The Uganda Communications Commission has ordered the Daily Monitor to immediately suspend its website for failing to register it as per the new directive issued to all online publishers last year.
The order to suspend the website was however prompted by a complaint by the Speaker of Parliament over a story run by the website and widely circulated on social media about her alleged failure to pay for services procured from a traditional healer several years ago.
Ms Rebecca Kadaga told UCC that what the website had published was fake news intended to damage her reputation.
Ms Kadaga has over the years had a rocky relationship with journalists especially those covering Parliament. In 2013, she suspended two Observer journalists from reporting from Parliament for allegedly publishing falsehoods about her. Her decision was nullified by the High Court in 2015.
In 2015, Parliament mooted the idea of banning journalists who had covered the house for more than five years, saying they were no longer impartial in their coverage. The move didn’t succeed.
In 2016, in a widely criticised move, Parliament introduced a new hurdle and asked editors to recall all their reporters and send only those who had university degrees.
In a 6 February letter to the Managing Director of Monitor Publications Limited, UCC says investigation into the content of the story had commenced and expects the Monitor to submit to the commission a written explanation for publishing the story.
The Monitor website has since taken down the story but the website is still online.
“UCC’s preliminary investigations have revealed that Monitor Publications actively runs an online newspaper platform, which falls within the scope of data communications services, provision of which requires one to obtain an authorisation from the Uganda Communications Commission in accordance with sections 5(1)(a) and 27 of the Uganda Communications Act 2013, which Monitor Publications has never applied for,” reads the letter.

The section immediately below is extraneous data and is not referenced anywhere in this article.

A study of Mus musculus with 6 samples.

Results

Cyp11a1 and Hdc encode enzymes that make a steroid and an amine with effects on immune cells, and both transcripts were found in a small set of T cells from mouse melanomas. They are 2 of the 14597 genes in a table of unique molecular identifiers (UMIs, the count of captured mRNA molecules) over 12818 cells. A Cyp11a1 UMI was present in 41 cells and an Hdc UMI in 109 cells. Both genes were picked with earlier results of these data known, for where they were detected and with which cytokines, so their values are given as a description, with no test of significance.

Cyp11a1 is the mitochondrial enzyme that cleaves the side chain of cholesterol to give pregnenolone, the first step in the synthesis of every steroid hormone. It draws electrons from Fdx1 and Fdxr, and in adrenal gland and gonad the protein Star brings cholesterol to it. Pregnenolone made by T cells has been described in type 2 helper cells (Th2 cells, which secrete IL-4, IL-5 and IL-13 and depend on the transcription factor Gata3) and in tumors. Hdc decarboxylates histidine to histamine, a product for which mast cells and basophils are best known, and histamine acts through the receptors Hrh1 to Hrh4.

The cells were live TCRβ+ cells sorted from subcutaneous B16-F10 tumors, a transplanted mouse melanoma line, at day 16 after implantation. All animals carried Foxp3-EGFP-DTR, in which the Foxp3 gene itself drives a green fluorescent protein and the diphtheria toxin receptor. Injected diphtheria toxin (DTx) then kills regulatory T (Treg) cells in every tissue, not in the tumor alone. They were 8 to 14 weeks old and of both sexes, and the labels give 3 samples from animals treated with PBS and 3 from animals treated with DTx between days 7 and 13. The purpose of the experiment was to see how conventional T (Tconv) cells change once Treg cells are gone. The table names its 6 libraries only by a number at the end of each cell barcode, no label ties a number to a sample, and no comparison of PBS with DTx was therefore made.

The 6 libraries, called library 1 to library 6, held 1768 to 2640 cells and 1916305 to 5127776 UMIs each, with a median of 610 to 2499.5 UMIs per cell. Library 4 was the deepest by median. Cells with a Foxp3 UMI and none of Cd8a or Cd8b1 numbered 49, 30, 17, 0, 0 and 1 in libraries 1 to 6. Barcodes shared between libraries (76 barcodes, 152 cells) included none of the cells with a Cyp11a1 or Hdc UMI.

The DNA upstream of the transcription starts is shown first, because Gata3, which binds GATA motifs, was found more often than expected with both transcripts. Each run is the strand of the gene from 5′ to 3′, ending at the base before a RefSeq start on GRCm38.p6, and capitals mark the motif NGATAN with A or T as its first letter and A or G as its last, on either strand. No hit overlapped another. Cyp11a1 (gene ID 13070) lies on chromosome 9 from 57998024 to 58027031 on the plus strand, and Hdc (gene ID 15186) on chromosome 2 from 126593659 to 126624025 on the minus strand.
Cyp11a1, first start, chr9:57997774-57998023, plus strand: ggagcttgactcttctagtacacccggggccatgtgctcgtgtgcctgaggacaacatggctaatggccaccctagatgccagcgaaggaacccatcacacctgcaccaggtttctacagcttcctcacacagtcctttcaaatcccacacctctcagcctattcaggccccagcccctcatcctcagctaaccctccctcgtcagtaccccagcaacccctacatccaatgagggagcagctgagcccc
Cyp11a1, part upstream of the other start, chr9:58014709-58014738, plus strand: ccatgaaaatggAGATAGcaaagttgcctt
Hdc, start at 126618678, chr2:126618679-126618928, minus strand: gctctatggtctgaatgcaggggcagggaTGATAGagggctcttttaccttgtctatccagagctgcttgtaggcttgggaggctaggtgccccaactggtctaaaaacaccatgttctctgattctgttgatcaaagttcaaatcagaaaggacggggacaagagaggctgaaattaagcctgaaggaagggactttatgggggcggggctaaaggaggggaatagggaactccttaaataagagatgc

In a statement published in its Friday, 8 February edition, Monitor said “MPL complies with all the UCC regulations and we are in touch with UCC to resolve any misunderstandings”.
It added: “We expect that complaints related to content will continue to be dealt with in appropriate forums, including the Media Council and courts of law.”
ACME’s executive director Peter Mwesige said UCC was mixing up issues and unfairly targeting the Monitor “to placate speaker Kadaga.”
“Questions about whether the Monitor followed “minimum” journalistic standards and ethics don’t warrant a suspension of its online platform. The registration issues too could have been addressed without resorting to this high-handed measure,” Dr Mwesige said, adding that, “In any case, there are media houses, including UBC, that have not fulfilled certain licensing conditions, but they have not been suspended.”
In its directive to all online media last March, the commission said it would from 2 April 2018 embark on a nationwide enforcement against all persons engaged in offering online data communications services without authorisation from the Commission.
Mr Ibrahim Bbossa, the spokesperson for the commission, said many online media owners have registered but could not provide a specific number.
Mr Bbossa said that UCC was concerned about the proliferation of online media which needs to be regulated.
“It has the potential, if left unregulated to incite violence, cause ethnic prejudice, spread disinformation and use the platforms to malign and assassinate people’s character,” he said.
Mr Bbossa added: “We have people who have complained recently.”